70 years ago, Ella Weissberger stood on stage as a cat in the first performances of the children's opera Brundibar. The stage was in a Nazi concentration camp and she was a prisoner. Weissberger still attends performances and shared her story with The World's Nina Porzucki.
Ukraine has been gripped by demonstrations for weeks now. Protesters want the President to keep his promise and sign a deal with the European Union. The deal would bail out the country's broken finances and bring it into closer association with Brussels. Russia doesn't like that. It's not the first time in Ukraine's history that is has to decide between East and West.
Until recently, the neo-Nazi Golden Dawn party enjoyed substantial popularity in Greece. Then, two weeks ago, a Golden Dawn member admitted to killing anti-fascist rapper Pavlos Fyssas. In the following days, Greek authorities arrested more than 20 Golden Dawn members, including much of the party's leadership.
In a national address to a skeptical nation and a divided Congress, President Barack Obama laid out his case for military strikes on Syria, but made a commitment to one more last-ditch effort at diplomacy.
At the height of the Cold War, a small group of Army personnel monitored communications in Soviet-controlled East Berlin. They'd send the recordings back to NSA headquarters in Washington and — in many ways, are the precursors to the modern surveillance system that has become so controversial.
Richard Wagner's music was widely celebrated in the United States for nearly a century, until it became inextricably linked with Nazism in the mid-20th Century. In late May, Wagner's 200th birthday passed -- and it did so with almost no fanfare.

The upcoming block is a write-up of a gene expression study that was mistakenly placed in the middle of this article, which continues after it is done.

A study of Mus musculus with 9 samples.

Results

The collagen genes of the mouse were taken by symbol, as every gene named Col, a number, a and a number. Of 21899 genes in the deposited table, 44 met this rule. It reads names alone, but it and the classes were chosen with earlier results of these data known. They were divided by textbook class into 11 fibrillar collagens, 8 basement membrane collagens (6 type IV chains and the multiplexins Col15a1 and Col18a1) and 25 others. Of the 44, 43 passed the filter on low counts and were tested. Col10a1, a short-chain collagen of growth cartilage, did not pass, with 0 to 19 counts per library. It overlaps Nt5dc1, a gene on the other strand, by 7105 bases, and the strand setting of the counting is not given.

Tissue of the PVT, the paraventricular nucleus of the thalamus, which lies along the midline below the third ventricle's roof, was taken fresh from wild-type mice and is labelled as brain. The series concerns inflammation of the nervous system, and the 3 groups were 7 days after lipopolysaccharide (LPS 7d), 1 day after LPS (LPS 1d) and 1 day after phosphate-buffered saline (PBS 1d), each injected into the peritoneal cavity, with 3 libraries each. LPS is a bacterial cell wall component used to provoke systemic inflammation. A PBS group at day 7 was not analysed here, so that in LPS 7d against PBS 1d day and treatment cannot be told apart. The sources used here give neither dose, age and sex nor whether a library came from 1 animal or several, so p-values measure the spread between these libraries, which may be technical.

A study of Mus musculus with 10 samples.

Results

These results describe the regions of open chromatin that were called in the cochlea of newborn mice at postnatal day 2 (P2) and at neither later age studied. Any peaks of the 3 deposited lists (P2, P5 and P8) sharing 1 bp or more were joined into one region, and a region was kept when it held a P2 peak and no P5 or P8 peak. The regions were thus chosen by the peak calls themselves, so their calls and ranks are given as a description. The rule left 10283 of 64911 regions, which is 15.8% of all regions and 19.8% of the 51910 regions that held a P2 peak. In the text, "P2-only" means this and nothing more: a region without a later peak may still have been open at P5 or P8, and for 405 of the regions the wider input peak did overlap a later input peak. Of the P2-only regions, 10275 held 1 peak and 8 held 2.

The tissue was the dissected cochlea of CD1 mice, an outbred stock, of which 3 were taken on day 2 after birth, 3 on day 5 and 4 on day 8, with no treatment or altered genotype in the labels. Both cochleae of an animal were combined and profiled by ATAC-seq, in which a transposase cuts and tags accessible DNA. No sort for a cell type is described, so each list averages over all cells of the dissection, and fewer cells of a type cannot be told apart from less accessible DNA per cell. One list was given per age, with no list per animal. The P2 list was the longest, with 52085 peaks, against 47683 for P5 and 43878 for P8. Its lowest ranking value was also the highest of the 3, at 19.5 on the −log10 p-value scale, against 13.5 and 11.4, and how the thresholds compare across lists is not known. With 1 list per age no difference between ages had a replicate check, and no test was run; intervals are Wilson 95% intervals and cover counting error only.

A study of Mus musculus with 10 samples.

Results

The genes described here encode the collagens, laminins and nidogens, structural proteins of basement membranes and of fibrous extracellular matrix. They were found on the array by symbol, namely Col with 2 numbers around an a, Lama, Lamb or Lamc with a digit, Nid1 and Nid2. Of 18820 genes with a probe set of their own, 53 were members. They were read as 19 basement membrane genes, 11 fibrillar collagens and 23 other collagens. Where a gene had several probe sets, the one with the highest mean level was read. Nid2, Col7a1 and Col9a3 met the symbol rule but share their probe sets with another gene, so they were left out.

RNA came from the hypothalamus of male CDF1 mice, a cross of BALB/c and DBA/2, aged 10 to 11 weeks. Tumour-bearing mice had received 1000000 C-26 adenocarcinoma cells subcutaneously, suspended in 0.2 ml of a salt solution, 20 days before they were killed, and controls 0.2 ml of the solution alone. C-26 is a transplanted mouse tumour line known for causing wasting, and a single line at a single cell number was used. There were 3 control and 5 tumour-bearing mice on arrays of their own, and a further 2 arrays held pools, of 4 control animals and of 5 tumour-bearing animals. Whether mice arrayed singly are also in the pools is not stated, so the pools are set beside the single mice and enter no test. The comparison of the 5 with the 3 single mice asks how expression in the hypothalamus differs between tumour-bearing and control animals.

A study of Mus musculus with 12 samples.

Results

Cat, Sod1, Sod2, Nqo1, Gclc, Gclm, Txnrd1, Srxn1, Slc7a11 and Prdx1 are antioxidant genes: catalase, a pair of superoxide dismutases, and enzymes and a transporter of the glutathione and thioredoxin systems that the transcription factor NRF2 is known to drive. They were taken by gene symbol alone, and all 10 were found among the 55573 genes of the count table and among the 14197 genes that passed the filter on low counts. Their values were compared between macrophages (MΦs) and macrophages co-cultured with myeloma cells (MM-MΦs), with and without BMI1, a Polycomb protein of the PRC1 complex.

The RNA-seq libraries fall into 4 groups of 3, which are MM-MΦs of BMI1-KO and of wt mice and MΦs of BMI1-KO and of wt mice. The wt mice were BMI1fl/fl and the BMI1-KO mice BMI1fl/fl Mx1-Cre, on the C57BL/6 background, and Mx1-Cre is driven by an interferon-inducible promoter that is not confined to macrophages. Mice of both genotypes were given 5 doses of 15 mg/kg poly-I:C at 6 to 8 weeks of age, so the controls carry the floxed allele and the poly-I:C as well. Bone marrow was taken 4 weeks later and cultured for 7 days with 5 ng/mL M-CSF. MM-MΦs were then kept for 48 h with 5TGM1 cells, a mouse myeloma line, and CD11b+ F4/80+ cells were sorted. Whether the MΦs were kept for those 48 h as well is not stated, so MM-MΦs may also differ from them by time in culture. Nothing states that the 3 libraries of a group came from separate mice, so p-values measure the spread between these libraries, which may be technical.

East Germany's Secret Service, or Stasi, kept extensive records on its citizens during the Cold War but tried to destroy them when its government toppled in 1989, but now German computer scientists are trying to repair those documents
Bletchley Park, outside London, was one of the most important spying posts during World War II, and it was there that computer scientists cracked the supposedly unbreakable German communication codes, but now,
ï¿½French New Wave' director Jean-Luc Godard is getting an honorary Oscar tomorrow, though some critics say he shouldn't. They say he's anti-Semitic and so are some of his films.That is not the way people in France see the director. Anita Elash has more.
The opening of Soviet and East European archives has provided historians a tidal wave of new information about the crimes of Soviet leader Josef Stalin. Brigid McCarthy reports on one historian's work.
This year marks the Los Angeles Dodgers' 50th anniversary in the City of Angels. The architect of the team's move from Brooklyn, Walter O'Malley, will be inducted, posthumously, into the National Baseball Hall of Fame this weekend. New York writer Pete Hamill said O'Malley was the only man Brooklynites hated more than Hitler.